Slingbox! Party! Nibbles! Transistors!

Just back from a party thrown by Slingbox, the company that links your TV to the Internet for remote viewing. The bash was originally intended to celebrate the launch of new models (faster streaming, more inputs, HD compatibility, that sort of thing), but also served to mark the acquisition of Slingbox by EchoStar (a US satellite TV company).

Just back from a party thrown by Slingbox, the company that links your TV to the Internet for remote viewing. The bash was originally intended to celebrate the launch of new models (faster streaming, more inputs, HD compatibility, that sort of thing), but also served to mark the acquisition of Slingbox by EchoStar (a US satellite TV company). As EchoStar may itself be bought by AT&T, this is an interesting path for the company to walk.

I've used Slingbox a bit - a friend has one linked to his Sky+ system, and I borrow the feed sometimes when I'm abroad - and it's a good product. It's particularly effective over mobile phones, where you can watch everything you can at home for the cost of the data; take that, UK mobile phone TV systems (those of you who survive). Of course, the very idea that you can watch your own TV when you're elsewhere has the copyright captains in a lather (we won't even go into the sin of letting a pal sneak a peak) - but the squawks of indignation are having little effect, as nobody else gives a stuff. So, go Slingbox!

On a more corporeal level, the party was marked by Japanese beer, some very respectable wine, a prize draw where I didn't win a Slingbox (but one small group of analysts won two - chiz chiz), and the usual suite of tiny nibbles. They were very acceptable canapes, born aloft on square white china by personable young black-dressed people on square white china, but as usual they were under an inch square apiece (the canapes, not the people) and only intensive browsing could sate the inner man. You might think from my picture that I have a particularly insatiable inner man, but believe me, size zeros would have been doing impressions of hummingbirds at the flower this evening.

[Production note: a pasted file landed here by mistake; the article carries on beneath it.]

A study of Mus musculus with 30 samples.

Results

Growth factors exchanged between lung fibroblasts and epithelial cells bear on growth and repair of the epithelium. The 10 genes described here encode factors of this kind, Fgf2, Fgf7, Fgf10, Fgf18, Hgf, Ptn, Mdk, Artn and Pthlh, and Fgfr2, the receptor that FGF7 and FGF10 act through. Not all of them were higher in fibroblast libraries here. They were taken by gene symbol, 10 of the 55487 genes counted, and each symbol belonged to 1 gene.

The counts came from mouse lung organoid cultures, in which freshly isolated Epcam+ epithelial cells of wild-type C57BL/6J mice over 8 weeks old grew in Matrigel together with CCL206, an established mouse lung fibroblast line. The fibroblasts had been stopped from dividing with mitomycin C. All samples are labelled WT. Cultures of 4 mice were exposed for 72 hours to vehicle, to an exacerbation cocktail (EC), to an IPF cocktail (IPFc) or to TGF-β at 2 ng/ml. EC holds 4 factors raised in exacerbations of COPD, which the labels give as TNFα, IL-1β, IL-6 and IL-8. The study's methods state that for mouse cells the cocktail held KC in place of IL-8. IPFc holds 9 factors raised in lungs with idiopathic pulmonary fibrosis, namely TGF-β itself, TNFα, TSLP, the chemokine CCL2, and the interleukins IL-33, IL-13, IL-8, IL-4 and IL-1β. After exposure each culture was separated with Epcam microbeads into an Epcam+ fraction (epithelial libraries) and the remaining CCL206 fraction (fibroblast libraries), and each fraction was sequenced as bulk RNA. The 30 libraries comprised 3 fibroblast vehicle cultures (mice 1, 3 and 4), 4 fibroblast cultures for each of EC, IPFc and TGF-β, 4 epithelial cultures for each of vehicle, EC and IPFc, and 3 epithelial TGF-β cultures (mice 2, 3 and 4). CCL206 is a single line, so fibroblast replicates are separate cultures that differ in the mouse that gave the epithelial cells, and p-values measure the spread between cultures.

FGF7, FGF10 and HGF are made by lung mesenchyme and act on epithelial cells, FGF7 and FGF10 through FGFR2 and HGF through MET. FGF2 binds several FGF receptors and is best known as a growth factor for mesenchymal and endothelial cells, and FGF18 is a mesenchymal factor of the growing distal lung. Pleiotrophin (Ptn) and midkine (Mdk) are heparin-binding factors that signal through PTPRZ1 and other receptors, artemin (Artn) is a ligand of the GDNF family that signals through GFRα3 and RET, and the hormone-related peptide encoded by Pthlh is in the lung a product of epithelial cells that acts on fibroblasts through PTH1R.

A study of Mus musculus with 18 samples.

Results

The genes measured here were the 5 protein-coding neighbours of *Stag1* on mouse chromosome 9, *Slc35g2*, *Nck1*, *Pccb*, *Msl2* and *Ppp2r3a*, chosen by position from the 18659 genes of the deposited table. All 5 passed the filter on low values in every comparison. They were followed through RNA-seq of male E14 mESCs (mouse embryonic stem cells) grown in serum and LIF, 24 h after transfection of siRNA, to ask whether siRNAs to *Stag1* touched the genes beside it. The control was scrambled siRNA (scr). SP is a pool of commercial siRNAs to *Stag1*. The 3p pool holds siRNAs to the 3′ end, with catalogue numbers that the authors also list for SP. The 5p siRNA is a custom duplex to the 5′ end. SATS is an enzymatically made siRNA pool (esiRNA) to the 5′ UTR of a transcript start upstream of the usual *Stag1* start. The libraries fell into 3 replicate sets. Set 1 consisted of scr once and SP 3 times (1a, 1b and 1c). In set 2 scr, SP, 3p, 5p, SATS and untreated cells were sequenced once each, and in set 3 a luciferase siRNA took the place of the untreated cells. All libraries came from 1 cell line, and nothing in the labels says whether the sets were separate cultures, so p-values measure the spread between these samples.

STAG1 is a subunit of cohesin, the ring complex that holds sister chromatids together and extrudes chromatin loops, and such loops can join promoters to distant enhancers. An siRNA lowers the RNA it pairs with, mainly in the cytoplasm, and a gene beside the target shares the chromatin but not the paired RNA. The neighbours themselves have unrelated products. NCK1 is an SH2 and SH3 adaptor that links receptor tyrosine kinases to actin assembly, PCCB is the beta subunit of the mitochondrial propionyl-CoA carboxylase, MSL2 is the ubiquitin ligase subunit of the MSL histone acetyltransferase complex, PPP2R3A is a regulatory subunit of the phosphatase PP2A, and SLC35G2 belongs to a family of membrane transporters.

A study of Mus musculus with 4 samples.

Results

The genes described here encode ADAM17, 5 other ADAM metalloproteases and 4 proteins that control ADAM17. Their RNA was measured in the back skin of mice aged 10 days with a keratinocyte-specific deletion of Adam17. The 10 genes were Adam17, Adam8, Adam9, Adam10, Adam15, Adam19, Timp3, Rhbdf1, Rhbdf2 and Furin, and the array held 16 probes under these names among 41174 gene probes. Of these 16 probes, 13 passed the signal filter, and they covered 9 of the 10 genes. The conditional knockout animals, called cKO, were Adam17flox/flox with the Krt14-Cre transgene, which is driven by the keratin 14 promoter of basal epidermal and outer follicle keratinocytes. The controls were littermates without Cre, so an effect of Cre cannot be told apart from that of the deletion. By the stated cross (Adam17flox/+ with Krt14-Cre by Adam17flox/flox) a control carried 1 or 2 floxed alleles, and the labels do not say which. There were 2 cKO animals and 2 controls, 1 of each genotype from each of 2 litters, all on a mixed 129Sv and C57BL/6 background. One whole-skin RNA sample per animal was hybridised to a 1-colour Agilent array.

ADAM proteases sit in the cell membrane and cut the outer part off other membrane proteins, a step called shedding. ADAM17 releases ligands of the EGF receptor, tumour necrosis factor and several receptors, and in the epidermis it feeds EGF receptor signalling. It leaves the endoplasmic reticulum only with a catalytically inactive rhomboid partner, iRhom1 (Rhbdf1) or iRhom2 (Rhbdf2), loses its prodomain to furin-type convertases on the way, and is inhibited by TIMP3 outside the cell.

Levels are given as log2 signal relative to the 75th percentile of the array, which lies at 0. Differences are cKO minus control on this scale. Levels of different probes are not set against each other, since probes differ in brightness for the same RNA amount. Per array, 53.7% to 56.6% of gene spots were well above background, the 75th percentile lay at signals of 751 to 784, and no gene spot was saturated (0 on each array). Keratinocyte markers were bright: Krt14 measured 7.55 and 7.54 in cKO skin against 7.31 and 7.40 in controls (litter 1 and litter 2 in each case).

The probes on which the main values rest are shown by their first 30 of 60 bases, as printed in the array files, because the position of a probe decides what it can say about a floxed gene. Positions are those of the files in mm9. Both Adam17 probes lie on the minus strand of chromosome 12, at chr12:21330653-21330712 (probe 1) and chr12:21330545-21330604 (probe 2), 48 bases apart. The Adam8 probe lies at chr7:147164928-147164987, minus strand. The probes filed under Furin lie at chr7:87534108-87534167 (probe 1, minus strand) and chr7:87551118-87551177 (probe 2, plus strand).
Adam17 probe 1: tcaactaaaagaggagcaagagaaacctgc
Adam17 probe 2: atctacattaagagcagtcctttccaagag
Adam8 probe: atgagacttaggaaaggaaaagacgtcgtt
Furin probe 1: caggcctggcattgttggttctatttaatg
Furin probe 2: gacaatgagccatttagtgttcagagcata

One of the nibbles was a tiny square of brown bread with even tinier squares of peppers, feta cheese and some unidentified root vegetable. The whole assembly was roughly cubic and layered, and it reminded me of something so strongly I had to stare at it for a couple of seconds before Kirin-fuelled hunger overcame my higher instincts.

As the tiny thing vanished down my gullet faster than a grain of millet swallowed by a starving mongoose, it hit me - Intel's transistor diagrams. And what an opportunity that could be: demonstrate the new high-K dielectric transistor by throwing a party where every nibble is designed to represent a semiconductor device. Battenburg for multicore, pizza for an entire wafer - olives placed to within the nanometre - and perhaps we dare venture into the passives, with capacitor sandwiches, chocolate fudge resistors and onion ring spiral inductors. Those more possessed by intellectual savoir-faire than brute hunger could construct entire circuits, lashed together by spaghetti or liquorice string according to taste.

The downside is, as always, Gordon Moore. Every party would see the food vanish twice as fast while being all the more tiny. Even though he was a man who knew how to party in his younger days - the early years of Silicon Valley are replete with stories every bit as toothsome as those of the dot com bubble - his influence must nevertheless be resisted when it comes to refuelling the noble company of journalists.

But still. Let's see a bit of flair back in the geek party circuit.